A jury has failed to reach a verdict in the case of a man accused of supplying a gun to Mark Duggan, whose fatal shooting by police sparked last year's August riots.
Kevin Hutchinson-Foster, 30, was charged with passing the gun to Duggan just 15 minutes before he was shot dead by police marksmen on August 4 2011.
But a jury of seven men and five women at Snaresbrook Crown Court was unable to reach a verdict after nearly 21 hours of deliberations.
Judge David Radford had allowed jurors to reach a majority verdict of 10-2 or 11-1, but he discharged them after they were unable to reach a decision.
A re-trial will be held at a date to be set and an administrative hearing will take place on November 2.
During the trial, which started on September 18, the prosecution alleged that Duggan, 29, collected the BBM Bruni Model 92 handgun 15 minutes before he was shot dead on August 4 2011.
His death in Ferry Lane, Tottenham, north London, sparked riots which swept across the capital and the country.
Armed police, who gave evidence anonymously, told the court that they opened fire on Duggan because they saw him get out of the cab holding a loaded gun.
The officer who shot Duggan twice said he opened fire in an "Oh f*** moment", because he thought he and his colleagues were themselves going to be shot.
Duggan, who was under police surveillance on August 4 and the previous day, had gone in the minicab to Leyton, east London, where he collected the gun in a shoebox from Hutchinson-Foster, before continuing to Tottenham, prosecutors said.
The cab was pulled over by armed police in four unmarked cars in what is termed a "hard stop" and, according to officers, Duggan got out with the gun in his hand, prompting them to shoot him.
Hutchinson-Foster, of no fixed address, denied a single charge of "selling or transferring a prohibited firearm" to Duggan between July 28 and August 5 2011.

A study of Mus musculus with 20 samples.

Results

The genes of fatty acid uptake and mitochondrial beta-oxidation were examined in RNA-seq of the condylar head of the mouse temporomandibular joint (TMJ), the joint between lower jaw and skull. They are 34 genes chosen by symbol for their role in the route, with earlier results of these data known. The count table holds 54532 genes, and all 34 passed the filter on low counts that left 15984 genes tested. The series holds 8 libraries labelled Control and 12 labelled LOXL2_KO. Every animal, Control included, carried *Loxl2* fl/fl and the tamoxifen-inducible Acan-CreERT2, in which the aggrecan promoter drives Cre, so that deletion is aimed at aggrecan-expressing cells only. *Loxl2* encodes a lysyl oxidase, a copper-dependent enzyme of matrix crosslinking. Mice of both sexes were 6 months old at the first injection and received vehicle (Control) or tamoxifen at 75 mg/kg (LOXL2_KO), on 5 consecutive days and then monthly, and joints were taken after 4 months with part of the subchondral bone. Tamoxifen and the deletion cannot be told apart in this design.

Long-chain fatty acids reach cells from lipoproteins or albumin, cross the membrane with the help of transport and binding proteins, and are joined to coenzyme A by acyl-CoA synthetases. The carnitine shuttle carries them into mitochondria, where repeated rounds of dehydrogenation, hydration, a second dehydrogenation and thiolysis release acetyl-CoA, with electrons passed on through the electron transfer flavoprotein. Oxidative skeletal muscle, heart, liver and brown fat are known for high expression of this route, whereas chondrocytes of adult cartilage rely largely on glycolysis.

He claimed his DNA was found on the gun because he had used it six days earlier to beat a man, but said he returned it the same day.
He claimed he and Duggan had been in mobile phone contact with each other because Duggan wanted his help in setting up a drug deal.
Following the trial, Duggan's family said they were concerned at how it had been conducted, referring to the claim by the prosecution that Duggan had been holding a gun when he was shot.
Shaun Hall, Duggan’s brother said: “It feels like this has been the Mark Duggan trial except his family has had no representation and without being able to defend himself.
“People have been allowed to say things in court about Mark and what happened that day without being challenged. We heard things that we had never heard before.
“As a family we still are no closer to finding out the truth about why Mark was killed.”
Deborah Coles, co-director of charity INQUEST, which investigates deaths in custody, said: “Nothing can satisfy family, community and public confidence other than a prompt, open and transparent jury inquest with the full involvement of Mark Duggan’s family. Open justice is of fundamental importance in the case of a man shot dead by police officers.”